High energy discharges in digital multimeters

Discussion in 'General Electronics Chat' started by someonesdad, Jul 20, 2010.

  1. someonesdad

    Thread Starter Senior Member

    Jul 7, 2009
    Take a look at this video on applying some nasty overvoltages to some multimeters.

    On one hand, it's like putting a big magnifying glass into the hand of any red-blooded boy near an anthill on a sunny day -- you know exactly what's gonna happen.

    On the serious side, though, this is a good lesson for all users of DMMs, especially folks who operate in industrial environments. It shows why good protection being designed into the DMM is a good thing.

    Thus, when the experienced folks on this forum warn you about fuses, overvoltage protection, etc., it's worth paying attention to. It might even save you or someone you know from an injury some day.

    You'll find other interesting EE-related videos at http://www.eevblog.com/, so pay it a visit if you haven't been there before.
  2. sceadwian

    New Member

    Jun 1, 2009
    It's humorous and entertaining, but the only thing of value to learn from the video is never intentionally discharge a capacitor bank into a device rated for 1/4 or less of the the applied voltage...

    Following the basic safety manual prescriptions of a common DMM will preclude situations like this from every occurring in the real world, if they're followed, any real world situation where energies of this level are actually utilized, and anyone that doesn't know what they're doing that uses it gets what's coming to them.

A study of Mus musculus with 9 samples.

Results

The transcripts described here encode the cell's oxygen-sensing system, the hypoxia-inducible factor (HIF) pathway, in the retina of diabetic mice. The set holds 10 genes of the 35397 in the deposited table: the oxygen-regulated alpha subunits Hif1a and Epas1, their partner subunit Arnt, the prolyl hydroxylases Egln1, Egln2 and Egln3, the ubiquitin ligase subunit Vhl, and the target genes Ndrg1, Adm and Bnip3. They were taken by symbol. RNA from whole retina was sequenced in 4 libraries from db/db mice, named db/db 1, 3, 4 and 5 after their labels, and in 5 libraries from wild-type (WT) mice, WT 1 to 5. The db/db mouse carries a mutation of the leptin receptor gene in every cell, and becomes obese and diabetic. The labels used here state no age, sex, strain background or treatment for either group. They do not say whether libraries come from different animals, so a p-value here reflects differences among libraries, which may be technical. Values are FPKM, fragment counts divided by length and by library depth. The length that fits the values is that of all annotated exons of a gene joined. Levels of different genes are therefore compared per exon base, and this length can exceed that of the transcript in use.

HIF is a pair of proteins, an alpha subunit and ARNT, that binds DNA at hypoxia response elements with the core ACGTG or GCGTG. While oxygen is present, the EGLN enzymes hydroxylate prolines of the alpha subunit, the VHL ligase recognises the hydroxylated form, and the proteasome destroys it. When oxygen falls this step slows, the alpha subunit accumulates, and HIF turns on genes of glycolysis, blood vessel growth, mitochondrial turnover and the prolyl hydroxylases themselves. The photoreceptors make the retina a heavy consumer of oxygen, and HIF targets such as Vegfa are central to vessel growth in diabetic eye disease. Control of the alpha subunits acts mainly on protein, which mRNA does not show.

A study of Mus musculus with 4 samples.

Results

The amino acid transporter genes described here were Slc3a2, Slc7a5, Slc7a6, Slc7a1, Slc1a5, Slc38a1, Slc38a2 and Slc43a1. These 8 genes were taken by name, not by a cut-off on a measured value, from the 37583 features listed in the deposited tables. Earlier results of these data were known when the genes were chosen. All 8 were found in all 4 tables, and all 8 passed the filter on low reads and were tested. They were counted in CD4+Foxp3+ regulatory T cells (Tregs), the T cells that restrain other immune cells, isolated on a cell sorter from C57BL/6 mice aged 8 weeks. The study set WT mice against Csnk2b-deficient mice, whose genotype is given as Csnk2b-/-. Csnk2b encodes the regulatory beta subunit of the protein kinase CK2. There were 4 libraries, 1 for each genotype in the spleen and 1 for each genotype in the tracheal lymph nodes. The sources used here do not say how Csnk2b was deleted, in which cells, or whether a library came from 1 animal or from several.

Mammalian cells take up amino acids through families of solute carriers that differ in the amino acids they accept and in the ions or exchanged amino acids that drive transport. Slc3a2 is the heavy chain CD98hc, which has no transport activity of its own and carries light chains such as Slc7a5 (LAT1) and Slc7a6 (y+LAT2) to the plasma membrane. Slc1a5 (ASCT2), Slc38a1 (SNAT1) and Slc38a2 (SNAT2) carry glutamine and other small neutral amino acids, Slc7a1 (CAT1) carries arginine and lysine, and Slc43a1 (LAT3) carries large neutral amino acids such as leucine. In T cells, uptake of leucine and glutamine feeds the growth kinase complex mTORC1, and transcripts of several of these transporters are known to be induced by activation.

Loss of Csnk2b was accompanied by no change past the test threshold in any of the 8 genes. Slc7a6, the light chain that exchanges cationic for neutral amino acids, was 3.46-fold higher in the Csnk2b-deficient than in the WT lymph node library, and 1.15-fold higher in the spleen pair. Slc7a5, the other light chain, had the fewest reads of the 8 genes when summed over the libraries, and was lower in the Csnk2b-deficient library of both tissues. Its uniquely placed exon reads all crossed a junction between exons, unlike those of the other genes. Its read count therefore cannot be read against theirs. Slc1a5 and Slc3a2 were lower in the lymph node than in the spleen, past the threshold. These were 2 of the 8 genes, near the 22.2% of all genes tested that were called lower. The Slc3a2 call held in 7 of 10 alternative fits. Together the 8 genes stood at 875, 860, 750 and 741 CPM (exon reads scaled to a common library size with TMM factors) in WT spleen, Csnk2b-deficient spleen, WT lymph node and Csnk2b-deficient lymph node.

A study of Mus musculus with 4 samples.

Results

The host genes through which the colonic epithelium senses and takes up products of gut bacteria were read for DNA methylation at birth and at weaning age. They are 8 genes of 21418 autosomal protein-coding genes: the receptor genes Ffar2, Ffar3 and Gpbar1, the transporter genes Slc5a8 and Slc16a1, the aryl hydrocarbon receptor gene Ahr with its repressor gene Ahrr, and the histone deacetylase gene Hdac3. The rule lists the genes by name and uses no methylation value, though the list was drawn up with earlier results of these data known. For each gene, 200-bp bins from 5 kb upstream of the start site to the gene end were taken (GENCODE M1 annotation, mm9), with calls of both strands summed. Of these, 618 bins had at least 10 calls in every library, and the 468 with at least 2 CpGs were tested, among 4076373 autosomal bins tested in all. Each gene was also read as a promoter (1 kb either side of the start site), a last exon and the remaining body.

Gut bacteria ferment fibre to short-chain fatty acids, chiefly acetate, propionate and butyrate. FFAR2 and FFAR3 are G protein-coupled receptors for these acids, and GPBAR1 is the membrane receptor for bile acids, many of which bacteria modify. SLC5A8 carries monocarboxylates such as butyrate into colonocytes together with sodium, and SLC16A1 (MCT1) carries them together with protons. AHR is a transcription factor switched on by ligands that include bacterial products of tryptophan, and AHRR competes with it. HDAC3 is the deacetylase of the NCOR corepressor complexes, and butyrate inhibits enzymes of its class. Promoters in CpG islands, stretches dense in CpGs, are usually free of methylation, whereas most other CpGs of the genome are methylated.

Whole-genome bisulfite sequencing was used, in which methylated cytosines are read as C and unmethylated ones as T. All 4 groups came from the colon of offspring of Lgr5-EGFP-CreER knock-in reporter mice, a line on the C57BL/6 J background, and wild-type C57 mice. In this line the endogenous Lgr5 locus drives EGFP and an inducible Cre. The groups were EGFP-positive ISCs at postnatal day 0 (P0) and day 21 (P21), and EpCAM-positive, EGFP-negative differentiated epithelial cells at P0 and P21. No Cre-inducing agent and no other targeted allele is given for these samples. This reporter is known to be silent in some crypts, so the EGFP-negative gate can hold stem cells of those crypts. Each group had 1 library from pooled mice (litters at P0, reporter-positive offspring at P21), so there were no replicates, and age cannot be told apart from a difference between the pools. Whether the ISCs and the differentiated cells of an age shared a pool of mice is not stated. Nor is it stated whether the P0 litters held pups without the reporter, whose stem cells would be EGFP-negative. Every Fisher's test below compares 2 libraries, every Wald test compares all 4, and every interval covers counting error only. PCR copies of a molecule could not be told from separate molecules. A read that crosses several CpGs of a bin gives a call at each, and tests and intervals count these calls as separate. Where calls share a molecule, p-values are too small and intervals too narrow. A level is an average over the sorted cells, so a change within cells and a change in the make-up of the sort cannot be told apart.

I work in an industrial environment, I've seen worse at common mains voltages. If there is even the glimmer of a chance of higher energy discharges all equipment should be safety rated from the highest voltage. In truly high voltage situations there is no way to truly protect aside from outright avoidance.
  3. tom66

    Senior Member

    May 9, 2009
    I would get a decent meter, if:
    1. I could afford one. I'm only a student with a limited budget.
    2. I needed one. I'm not measuring mains voltages; I'm sticking to less than 50 volts d.c. in most cases.

    My meter is not that accurate. It is only ±0.5%. Which is fine for me. But if I were doing precision applications, I would probably get a Fluke -or- a decent bench meter. What sold me on it was its fused 10A range (I already destroyed a meter with a dead short, and I have already managed to blow the fuse in the 500mA range), the cap test, the Hz mode, the audible continuity, and of course its price tag of £20.

    I have to say that my el cheapo meter does pretty well though for its price. I set it on ohms when measuring mains and it didn't blow up. It's fine on all the settings with 230V mains, capacitance and continuity. Hz measures the line frequency. I suppose I could have my meter exposed to a 4kV pulse, perhaps even higher, but I made sure to stand back when doing all these tests and I turned off the supply via. a proper isolation switch (not on the socket) until I had it set up...

    I opened it up. Pretty good construction. No input protection other than a wimpy PTC. So I'm not expecting too much from it. I'm certainly not expecting it to meet the 1000V CAT II rating it has.